The flaw allows criminal gangs to take control of people's computers and steal their personal information when they visit websites that have been corrupted by malicious hackers.
It is believed that as many 10,000 sites have been compromised since last week.
Microsoft said that it had detected attacks on machines using Internet Explorer 7, the most widely-used version of the browser, but that other versions are "potentially vulnerable".
"We are actively investigating the vulnerability that these attacks attempt to exploit," the firm, which also makes the Windows operating system, said in a security statement.
"We will continue to monitor the threat environment and update this advisory if this situation changes."
By last Saturday about 0.2 per cent of Internet Explorer users had already visited one of the websites designed to exploit the flaw, according a statement on the technology giant's Malware Protection blog. The flaw was first exploited last week but there has been a sharp increase in attacks in the last few days.
Given that three-quarters of people on the web use Internet Explorer, millions of people could already have been targeted.
Microsoft has published a list of technical changes that it say should protect against the threat until it can release a software update to close the loophole, although the instructions would be incomprehensible to most casual surfers.
It has also advised users to enable their firewalls and install anti-virus and anti-spyware software, but web security experts say the best guarantee of safety is to use an alternative browser such as Firefox, Safari or Opera, which can all be downloaded for free.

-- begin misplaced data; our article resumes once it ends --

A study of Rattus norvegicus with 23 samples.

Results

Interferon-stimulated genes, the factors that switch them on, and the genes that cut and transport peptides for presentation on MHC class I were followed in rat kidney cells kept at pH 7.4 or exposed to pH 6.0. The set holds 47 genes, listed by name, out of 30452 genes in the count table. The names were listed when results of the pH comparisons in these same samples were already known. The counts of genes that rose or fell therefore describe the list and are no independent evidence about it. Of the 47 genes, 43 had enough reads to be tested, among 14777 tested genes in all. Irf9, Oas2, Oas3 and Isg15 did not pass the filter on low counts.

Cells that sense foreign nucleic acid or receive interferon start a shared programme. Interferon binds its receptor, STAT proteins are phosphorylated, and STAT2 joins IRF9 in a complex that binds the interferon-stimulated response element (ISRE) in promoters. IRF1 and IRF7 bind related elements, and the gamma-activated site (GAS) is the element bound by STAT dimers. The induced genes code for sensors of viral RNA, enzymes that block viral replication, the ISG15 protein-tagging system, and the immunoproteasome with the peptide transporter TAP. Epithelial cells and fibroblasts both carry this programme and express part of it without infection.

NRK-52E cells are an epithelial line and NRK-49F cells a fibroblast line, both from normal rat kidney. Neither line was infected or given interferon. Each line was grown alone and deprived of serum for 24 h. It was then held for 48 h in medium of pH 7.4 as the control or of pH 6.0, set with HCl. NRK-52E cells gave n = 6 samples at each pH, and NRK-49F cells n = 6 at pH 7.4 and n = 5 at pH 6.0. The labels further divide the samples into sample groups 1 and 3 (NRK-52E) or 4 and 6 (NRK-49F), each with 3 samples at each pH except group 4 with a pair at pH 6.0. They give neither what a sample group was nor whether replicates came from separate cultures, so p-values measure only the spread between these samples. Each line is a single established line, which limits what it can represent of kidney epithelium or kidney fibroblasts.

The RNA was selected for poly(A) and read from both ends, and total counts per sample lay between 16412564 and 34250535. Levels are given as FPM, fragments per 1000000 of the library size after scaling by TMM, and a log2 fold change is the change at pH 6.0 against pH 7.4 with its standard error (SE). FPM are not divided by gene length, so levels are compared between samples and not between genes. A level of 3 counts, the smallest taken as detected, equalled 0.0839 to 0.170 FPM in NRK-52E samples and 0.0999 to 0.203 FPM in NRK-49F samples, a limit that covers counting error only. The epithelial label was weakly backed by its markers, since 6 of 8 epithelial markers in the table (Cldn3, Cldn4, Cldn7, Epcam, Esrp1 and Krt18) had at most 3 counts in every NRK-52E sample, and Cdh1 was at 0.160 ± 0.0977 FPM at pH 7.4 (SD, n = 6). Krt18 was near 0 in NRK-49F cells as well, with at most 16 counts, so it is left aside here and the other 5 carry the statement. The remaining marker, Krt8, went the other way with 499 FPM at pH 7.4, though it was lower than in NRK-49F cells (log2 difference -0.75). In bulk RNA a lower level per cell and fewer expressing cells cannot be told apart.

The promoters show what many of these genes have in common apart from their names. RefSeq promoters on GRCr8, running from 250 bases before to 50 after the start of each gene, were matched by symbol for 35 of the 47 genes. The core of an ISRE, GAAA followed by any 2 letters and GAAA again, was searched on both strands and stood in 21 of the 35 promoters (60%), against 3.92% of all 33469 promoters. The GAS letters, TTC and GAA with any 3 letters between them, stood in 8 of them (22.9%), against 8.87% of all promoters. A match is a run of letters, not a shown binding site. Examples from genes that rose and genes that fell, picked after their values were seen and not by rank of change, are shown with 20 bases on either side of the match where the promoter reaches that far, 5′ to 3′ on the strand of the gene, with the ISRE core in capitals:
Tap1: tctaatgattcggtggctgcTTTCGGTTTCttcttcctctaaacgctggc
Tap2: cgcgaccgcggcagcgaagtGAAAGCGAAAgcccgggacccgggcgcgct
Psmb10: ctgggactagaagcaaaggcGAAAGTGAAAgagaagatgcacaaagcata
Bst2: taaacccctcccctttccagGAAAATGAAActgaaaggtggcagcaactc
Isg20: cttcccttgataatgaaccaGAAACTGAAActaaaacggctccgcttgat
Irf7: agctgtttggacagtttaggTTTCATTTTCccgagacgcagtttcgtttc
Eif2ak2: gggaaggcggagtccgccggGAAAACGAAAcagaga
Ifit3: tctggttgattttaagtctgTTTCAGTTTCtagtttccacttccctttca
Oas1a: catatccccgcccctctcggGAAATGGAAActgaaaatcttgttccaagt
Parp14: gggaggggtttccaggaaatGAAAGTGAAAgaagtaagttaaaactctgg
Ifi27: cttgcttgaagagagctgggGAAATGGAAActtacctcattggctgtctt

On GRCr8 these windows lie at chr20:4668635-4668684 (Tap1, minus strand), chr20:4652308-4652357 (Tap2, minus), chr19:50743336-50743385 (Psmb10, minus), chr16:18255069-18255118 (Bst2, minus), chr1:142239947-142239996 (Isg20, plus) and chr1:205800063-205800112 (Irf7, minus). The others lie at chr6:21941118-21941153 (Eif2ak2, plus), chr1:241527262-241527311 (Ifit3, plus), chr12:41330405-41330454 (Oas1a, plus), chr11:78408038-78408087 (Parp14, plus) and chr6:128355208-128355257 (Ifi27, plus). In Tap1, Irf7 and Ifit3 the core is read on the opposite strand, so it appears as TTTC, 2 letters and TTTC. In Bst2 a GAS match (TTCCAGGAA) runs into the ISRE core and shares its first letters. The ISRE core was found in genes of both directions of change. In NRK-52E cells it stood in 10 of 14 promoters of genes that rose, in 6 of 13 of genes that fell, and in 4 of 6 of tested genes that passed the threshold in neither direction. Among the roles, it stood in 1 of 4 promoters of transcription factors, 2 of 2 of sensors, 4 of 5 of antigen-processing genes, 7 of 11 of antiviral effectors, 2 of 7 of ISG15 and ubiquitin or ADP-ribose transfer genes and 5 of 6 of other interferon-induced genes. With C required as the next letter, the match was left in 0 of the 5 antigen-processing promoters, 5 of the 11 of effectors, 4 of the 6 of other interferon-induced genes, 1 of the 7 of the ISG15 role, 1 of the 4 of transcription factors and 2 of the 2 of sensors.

The websites corrupted by the hackers are mostly Chinese, and have been programmed to steal passwords for computer games which can be sold for money on the black market.
But the Internet Explorer security flaw could also be exploited by criminals seeking to steal people's bank details, private data and identities. "That's a big fear right now," said Paul Ferguson of Trend Micro security researcher, warning of "mayhem" if fraudsters succeed.
Graham Cluley, a virus expert at internet security firm Sophos, said that the “staggering” number of people could be affected by the attacks. While many of the compromised sites are pornographic, many are legitimate, mainstream web pages.
“Problems like this are found all the time but Microsoft always has a fix. What’s new about this situation is that there is no fix.
“This is a really critical and serious problem. People should make sure their anti-virus software up to date, and remember to install Microsoft’s security patch when it is released.”
But he added that switching browsers may be an over-reaction. “It’s certainly a fix and gets around this problem, but Firefox, Google Chrome and other browsers all have their own security issues.”
For me, only slightly annoying in the sense that at work I use Web based outlook and its performance in Firefox is rubbish - the screen is completely useless. With IE it's set up brilliantly, but I've no idea how to make it look like that in Firefox! Other than that I tend to use firefox for most things, but I guess whatever you use you're probably not 100% safe. Be careful kids!!